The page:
India to buy Russian anti-tank ammunition

Indian t-90s are planned to be equipped with Russian Mango shells. Source: mil.ru

Indian t-90s are planned to be equipped with Russian Mango shells. Source: mil.ru

Russia will also transfer the technology on the production techniques of the specialised tank ammunition to India’s Ordnance Factory Board, according to an Indian media report.

As it looks to meet the shortfall of critical ammunition faced by its armoured fleet including the latest T-90 tanks, India is planning to buy 66,000 Mango anti-tank shells from Russia, PTI said on Tuesday.  

Citing Indian Defence Ministry sources, the news agency said the Cabinet Committee on Security headed by the Prime Minister recently cleared a proposal to acquire the tank shells from Russia and the deal in this regard would be signed in the next few days. Russia will also transfer the technology on the production techniques of the specialised tank ammunition to India’s Ordnance Factory Board, which will produce it indigenously, the sources told the news agency.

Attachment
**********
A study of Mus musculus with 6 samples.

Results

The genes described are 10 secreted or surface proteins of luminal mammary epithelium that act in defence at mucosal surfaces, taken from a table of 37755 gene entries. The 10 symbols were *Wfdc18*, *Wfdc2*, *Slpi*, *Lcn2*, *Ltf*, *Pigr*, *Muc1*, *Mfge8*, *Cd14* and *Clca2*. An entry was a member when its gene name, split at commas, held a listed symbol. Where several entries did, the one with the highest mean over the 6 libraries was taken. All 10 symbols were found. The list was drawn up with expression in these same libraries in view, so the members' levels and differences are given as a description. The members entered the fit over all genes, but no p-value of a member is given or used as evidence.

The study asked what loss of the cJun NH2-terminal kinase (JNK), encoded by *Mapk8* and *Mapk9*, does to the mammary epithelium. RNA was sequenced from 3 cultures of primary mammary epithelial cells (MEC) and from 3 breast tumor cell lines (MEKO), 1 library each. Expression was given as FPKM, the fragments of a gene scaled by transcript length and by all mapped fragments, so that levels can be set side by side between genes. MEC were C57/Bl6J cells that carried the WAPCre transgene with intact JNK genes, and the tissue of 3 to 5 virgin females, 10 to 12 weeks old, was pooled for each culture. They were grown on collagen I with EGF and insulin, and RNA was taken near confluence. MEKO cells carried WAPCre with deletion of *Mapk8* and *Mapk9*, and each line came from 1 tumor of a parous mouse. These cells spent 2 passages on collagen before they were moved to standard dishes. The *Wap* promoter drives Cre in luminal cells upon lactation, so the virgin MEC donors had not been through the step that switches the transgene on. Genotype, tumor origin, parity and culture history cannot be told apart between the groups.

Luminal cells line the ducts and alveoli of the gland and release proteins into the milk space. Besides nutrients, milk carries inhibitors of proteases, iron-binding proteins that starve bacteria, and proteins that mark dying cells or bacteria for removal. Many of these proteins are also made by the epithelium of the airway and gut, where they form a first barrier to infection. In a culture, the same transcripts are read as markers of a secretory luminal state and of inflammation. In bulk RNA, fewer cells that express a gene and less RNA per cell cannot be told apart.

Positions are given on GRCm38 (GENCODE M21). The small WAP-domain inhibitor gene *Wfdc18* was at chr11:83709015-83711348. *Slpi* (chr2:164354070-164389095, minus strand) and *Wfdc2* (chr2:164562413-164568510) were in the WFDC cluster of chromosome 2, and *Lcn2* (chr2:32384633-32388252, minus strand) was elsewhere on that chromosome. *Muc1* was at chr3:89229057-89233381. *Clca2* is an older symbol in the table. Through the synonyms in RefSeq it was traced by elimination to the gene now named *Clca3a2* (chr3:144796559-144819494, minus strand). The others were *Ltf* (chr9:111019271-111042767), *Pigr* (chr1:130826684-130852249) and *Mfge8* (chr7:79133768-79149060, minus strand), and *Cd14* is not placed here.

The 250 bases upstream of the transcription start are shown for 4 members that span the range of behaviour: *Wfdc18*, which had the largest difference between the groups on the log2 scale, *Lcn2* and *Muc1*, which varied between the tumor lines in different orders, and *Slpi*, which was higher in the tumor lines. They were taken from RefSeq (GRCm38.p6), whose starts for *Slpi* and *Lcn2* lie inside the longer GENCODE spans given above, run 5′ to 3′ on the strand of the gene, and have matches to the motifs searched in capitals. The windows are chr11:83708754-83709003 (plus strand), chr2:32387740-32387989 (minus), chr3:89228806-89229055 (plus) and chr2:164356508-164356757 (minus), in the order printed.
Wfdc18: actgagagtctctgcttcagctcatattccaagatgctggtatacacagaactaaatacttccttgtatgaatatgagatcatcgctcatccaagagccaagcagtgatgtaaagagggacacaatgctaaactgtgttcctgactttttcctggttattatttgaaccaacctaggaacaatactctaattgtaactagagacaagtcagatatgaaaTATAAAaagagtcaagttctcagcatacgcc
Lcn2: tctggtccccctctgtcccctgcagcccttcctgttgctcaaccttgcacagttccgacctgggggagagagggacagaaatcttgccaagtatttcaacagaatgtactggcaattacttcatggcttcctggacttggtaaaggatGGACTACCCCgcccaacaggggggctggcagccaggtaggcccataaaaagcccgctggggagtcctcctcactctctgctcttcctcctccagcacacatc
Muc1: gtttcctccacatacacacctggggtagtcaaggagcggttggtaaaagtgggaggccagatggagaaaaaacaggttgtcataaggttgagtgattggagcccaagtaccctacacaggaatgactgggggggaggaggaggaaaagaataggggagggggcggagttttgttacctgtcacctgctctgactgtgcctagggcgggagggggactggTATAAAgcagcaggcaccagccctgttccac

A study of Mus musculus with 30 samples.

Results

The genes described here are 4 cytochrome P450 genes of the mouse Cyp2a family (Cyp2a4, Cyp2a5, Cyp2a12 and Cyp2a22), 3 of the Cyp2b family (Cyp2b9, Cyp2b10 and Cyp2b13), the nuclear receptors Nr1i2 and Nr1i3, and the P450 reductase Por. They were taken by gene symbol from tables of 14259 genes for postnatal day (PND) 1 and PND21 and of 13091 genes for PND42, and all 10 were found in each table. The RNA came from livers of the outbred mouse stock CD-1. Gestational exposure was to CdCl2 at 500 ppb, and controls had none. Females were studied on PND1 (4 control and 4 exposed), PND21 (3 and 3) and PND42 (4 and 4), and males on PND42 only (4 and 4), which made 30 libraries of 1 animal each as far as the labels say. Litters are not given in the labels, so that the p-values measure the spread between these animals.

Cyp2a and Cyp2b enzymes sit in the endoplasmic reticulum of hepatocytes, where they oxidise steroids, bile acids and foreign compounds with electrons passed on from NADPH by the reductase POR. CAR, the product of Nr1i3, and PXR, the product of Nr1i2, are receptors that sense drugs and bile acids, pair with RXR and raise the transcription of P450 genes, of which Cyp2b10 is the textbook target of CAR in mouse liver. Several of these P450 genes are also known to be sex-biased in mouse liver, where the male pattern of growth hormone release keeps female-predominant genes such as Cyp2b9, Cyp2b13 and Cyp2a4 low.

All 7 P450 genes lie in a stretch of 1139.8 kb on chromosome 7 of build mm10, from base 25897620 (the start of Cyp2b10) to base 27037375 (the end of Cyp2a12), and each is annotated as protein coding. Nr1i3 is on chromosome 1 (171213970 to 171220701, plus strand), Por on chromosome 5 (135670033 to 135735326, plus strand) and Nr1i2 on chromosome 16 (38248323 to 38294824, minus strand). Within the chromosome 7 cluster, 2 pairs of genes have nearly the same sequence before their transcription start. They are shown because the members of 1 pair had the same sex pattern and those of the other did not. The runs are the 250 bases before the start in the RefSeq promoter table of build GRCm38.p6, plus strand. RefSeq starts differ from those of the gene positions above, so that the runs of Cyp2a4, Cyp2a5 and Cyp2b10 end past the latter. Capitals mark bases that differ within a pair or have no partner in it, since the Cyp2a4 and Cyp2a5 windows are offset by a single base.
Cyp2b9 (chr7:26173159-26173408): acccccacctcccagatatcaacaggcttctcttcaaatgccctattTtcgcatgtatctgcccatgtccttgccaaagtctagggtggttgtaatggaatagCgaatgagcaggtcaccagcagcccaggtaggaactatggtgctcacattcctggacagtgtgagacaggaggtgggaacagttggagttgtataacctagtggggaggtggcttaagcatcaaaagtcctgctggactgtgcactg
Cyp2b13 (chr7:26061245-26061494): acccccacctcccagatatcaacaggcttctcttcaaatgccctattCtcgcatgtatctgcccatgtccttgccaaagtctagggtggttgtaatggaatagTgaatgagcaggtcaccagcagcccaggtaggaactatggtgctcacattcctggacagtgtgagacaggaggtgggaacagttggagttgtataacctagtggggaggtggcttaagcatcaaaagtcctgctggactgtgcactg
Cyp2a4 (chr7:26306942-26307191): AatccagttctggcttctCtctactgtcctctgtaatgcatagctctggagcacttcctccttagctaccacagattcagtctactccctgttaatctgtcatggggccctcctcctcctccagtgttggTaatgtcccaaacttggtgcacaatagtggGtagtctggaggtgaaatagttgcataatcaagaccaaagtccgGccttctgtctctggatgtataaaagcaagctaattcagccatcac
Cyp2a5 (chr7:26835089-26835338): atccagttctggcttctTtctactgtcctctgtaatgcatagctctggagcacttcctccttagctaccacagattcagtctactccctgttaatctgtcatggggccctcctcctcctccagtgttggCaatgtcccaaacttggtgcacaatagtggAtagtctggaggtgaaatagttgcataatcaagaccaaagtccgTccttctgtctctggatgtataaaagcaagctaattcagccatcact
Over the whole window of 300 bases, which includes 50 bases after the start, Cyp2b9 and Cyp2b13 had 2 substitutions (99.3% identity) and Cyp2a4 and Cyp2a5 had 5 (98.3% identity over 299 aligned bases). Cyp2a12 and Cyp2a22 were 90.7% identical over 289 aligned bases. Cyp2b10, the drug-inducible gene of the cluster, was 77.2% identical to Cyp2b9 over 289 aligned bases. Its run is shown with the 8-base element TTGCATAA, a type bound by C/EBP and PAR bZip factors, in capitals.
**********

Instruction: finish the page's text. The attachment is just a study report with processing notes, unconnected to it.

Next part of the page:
The report, which was carried by The Indian Express said that the Indian Defence Ministry decided to form JVs with the Russian manufacturers since India faced a shortage of weapon systems. A similar procedure was followed for the rockets for the Smerch multi-barrel rocket launcher systems.

India’s severe shortage of tank ammunition was first highlighted by former Army Chief Gen V K Singh in a top secret letter to Prime Minister Manmohan Singh this month, PTI said adding that the general said that only three to four days of this particular ammunition was left in the inventory of the armoured regiments.

India’s defence purchases have more or less been put on hold till the country’s general elections are held in April and May, but this deal is seen as essential for national security.

In January, India’s Ministry of Finance had refused to allocate an additional 80 billion rupees ($1.3 billion) to the armed forces to cover the costs associated with rising fuel prices and paying salaries to servicemen. The Ministry of Defense recommended that these costs be covered with funds that had been earmarked for purchasing weapons.

Shortly before the Ministry of Finance decision, Prime Minister Manmohan Singh sat down with military commanders and asked them “to exercise restraint in making military purchases.”